318 Grand St, Williamsburg, 718-302-2485
Price Range: $12-20
When I describe a really good taco, I tend to rave about the fillings but ignore the tortilla. Before a recent dinner at Taco Chulo, I never let a bland corn shell get between me and a full-flavored taco, but thanks to their house-made, soft, fresh tortillas, I can no longer settle for less. Taco Chulo — which loosely translates to “Foxy Taco” — offers eight fillings, including succulent, slow-braised pork ($3.50), crisp fried fish ($4.50), grilled steak ($3.50), and creamy pinto beans with fresh avocado ($3.50). Burritos ($6.50 to $10) are packed into flour tortillas with beans, lettuce, and roasted potatoes rather than rice. The menu invites patrons to “Pimp your taco or burrito” by spiking it with your choice of extras, like marinated cabbage ($.50), spicy pickled vegetables ($1.50), guacamole ($1.50), or sour cream ($.50), in regular or tofu form. (Even vegans can pig out here.)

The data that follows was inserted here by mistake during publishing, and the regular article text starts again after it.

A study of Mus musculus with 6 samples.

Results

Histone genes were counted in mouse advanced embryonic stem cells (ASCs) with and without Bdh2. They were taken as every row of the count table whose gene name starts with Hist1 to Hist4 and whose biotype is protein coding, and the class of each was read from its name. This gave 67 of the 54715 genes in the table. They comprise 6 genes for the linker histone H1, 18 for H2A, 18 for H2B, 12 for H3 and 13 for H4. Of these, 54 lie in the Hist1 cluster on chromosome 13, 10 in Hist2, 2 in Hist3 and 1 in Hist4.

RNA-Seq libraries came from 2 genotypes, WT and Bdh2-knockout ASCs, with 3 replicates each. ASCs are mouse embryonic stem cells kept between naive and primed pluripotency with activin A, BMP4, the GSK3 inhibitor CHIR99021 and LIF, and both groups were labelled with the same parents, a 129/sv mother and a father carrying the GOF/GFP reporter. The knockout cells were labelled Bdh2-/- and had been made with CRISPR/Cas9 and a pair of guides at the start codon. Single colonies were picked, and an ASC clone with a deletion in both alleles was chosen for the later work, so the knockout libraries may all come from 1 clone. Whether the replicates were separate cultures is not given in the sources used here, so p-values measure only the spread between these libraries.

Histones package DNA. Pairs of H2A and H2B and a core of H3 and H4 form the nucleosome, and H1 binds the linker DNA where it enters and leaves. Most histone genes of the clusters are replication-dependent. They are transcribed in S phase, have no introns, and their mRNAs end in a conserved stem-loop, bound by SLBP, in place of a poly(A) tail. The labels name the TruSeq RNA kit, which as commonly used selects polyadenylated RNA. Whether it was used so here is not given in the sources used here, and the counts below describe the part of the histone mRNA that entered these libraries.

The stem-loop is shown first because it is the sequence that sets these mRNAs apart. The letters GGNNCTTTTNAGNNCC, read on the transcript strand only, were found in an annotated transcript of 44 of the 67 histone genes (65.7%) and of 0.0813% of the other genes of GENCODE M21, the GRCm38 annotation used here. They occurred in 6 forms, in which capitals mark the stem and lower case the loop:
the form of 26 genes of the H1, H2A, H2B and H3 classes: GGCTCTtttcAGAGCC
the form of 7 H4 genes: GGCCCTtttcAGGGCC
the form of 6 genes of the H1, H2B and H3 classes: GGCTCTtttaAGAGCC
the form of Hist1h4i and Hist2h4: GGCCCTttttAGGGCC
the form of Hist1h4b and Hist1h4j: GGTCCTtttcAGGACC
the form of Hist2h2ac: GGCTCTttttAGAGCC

With curvaceous tomato-red walls and streamlined tables, Taco Chulo has all the trappings of a trendy lounge — and they offer a stellar drink list to match. My friend Ryan opts for the Mexican Coca-Cola ($2), which is sweetened with cane sugar rather than corn syrup, like its American counterpart. Pete chooses the house Margarita ($7), which goes down smooth, but Allison’s Pancho Villa ($7), a sweet whiskey punch, is a little heavy on the grenadine. My Margarita de Pepino de Xcaret ($8) is the winner — cool, cucumber-infused tequila with a kick of chili pequin and Cointreau.
For dessert, we peel open the cornhusk that encases our steamy chocolate enchilada ($5.50), and a moment of silence falls over our table. Ryan breaks it by saying, “Well, it only looks a little bit turdy.” The brown log of cornmeal — served with a chocolate dipping sauce — tastes pretty good, once you get over the poop factor. We consider sticking around for late-night happy hour, but when our friendly, punk-rock waitress returns and Ryan suggests, “This dessert would be even funnier if it were studded with kernels of corn,” we decide to hit the road.
A woman with more shame (or less of a tortilla obsession) might have avoided this place for a while, but I was back two days later for brunch (all entrees cost $8.50) and greeted by the same gracious server. In the morning hours, the tortillas are baked with green chiles, cheese and onions, and hangovers are conquered with chorizo omelettes and breakfast burritos.